I once had a professor in an ethics class who liked to talk about his “tool chest.”
What? He sure didn’t look like the handyman type.
But my prof was talking about another type of “tool chest.” The kind that has to do with your social, educational, and professional skills that make you versatile and valuable in an ever-changing business world.
Whether you’re a writer, or teacher, or accountant, or whatever, experts suggest the following activities, guaranteed to build your professional or personal “tool chest.”
- Take a class: For example, if you’re a business person, take business English. If you’re terrified of public speaking, join Toastmasters.
- Network with others: You have lots to offer. And you have lots to gain from the company and expertise of others.
- Read a book: Stretch your knowledge by reading outside your usual interests. If you like romance, read a biography. If you like physical adventure, read a book on European royal families.
- Travel: Read up before you go. Take a tour. Take photos. Meet the locals. Buy a book about the history of the location you’re visiting.
- Teach: Nothing solidifies a subject in your own mind by having to prepare a lesson for others.
- Volunteer: Help young kids with their reading, serve in a soup kitchen, help build a house, adopt-a-grandparent.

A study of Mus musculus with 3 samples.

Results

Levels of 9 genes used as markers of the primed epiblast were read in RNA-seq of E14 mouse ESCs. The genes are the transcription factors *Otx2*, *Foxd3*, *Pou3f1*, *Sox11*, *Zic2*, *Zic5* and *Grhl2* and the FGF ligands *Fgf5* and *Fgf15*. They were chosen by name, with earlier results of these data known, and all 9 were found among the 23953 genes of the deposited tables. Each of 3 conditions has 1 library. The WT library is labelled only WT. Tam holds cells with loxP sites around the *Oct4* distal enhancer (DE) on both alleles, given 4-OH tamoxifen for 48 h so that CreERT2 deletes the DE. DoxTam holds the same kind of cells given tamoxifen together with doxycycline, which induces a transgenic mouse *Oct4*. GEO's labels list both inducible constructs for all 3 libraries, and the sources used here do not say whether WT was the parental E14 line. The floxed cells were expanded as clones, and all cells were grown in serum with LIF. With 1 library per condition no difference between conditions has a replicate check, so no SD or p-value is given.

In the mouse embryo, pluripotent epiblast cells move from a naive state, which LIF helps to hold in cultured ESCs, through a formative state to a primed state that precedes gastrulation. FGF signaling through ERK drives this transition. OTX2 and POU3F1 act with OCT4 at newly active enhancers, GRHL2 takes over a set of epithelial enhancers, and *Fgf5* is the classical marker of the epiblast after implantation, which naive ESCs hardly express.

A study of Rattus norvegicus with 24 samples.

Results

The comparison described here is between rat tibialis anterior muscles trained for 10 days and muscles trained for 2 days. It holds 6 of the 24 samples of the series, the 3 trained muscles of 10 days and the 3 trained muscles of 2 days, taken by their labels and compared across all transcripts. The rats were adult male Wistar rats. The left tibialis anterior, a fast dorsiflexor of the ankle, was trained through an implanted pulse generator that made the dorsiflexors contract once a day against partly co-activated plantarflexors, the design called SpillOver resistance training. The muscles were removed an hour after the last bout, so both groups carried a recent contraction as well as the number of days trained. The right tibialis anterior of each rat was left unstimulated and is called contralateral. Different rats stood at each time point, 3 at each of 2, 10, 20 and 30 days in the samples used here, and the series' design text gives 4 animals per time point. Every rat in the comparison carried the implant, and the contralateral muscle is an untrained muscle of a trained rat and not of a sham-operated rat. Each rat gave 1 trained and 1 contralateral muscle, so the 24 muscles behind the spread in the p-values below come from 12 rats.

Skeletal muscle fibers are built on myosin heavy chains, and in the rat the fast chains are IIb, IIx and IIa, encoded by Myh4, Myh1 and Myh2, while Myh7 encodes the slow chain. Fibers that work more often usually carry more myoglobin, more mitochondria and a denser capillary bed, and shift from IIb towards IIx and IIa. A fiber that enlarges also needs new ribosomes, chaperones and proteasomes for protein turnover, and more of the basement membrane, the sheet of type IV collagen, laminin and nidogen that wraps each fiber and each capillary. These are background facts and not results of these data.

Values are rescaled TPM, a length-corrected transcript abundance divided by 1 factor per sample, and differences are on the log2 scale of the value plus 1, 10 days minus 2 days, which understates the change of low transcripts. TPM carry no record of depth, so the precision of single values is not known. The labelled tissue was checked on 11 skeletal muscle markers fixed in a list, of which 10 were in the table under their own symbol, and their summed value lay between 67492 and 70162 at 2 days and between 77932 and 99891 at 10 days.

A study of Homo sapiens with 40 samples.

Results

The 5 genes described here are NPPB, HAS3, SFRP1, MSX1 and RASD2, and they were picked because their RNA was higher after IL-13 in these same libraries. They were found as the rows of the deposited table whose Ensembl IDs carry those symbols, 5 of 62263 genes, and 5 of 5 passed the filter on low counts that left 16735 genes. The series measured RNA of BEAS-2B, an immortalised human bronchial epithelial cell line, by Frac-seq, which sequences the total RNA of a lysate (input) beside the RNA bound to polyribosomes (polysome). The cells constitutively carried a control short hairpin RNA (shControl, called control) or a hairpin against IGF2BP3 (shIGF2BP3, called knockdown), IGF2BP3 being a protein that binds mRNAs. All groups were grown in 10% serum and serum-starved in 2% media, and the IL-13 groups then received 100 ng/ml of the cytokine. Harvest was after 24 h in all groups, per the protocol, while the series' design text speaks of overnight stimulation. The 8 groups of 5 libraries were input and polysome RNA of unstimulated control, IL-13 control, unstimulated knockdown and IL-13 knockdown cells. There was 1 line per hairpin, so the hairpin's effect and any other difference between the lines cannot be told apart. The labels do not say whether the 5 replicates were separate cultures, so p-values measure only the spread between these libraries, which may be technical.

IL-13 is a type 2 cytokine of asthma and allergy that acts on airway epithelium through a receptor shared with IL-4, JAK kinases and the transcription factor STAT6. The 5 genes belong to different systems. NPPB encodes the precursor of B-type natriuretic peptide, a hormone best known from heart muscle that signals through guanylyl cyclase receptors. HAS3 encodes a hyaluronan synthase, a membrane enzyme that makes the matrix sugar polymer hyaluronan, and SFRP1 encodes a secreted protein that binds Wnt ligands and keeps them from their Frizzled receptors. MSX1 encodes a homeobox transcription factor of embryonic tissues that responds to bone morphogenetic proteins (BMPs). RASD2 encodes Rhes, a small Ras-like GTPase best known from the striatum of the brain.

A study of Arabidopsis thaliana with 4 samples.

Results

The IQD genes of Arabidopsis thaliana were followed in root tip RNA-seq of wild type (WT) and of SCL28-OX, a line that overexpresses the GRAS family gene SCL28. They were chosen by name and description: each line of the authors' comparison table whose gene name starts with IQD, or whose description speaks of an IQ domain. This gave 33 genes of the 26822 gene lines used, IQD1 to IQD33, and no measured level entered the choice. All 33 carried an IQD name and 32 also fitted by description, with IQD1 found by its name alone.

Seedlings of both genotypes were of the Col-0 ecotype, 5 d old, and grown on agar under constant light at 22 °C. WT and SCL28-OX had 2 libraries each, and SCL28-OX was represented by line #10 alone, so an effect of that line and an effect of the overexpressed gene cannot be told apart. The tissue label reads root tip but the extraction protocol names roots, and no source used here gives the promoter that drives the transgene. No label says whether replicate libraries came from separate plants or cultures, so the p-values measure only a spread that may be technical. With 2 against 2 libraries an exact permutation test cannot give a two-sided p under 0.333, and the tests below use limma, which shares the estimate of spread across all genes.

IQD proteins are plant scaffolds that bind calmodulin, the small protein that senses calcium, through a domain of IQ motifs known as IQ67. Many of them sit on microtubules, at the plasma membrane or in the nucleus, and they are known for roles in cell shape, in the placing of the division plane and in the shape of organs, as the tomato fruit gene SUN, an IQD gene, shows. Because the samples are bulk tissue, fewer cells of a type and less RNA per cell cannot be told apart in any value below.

- Be available to God: If you’re listening, He’ll speak to you. Ask Him to give you a heart of compassion for others. Why not practice hospitality? Show interest in other people. Really listen. Everybody had something to teach you.
I hope these 7 suggestions help you build your tool chest.
“Instruct a wise man, and he will be wiser still; teach a righteous man and he will add to his learning.” (Prod. 9:9 NIV Bible)
3 thoughts on “7 Ways to Build Your “Tool Chest””
Love this Dena! That is one of the things I love about my business. We offer materials to help people in this personal development in various areas. We are changing lives which I feel is exactly what you are talking about. Your life changes when you step out and build your “tool chest”.
What struck me is the activities seem unrelated to what we’re doing, but they feed the creative engine. Good advice for everyone – not just writers.
Hi Susan, the tool chest suggestions are for everyone, not just writers. But each of these activities directly feeds a writer’s well-rounded development!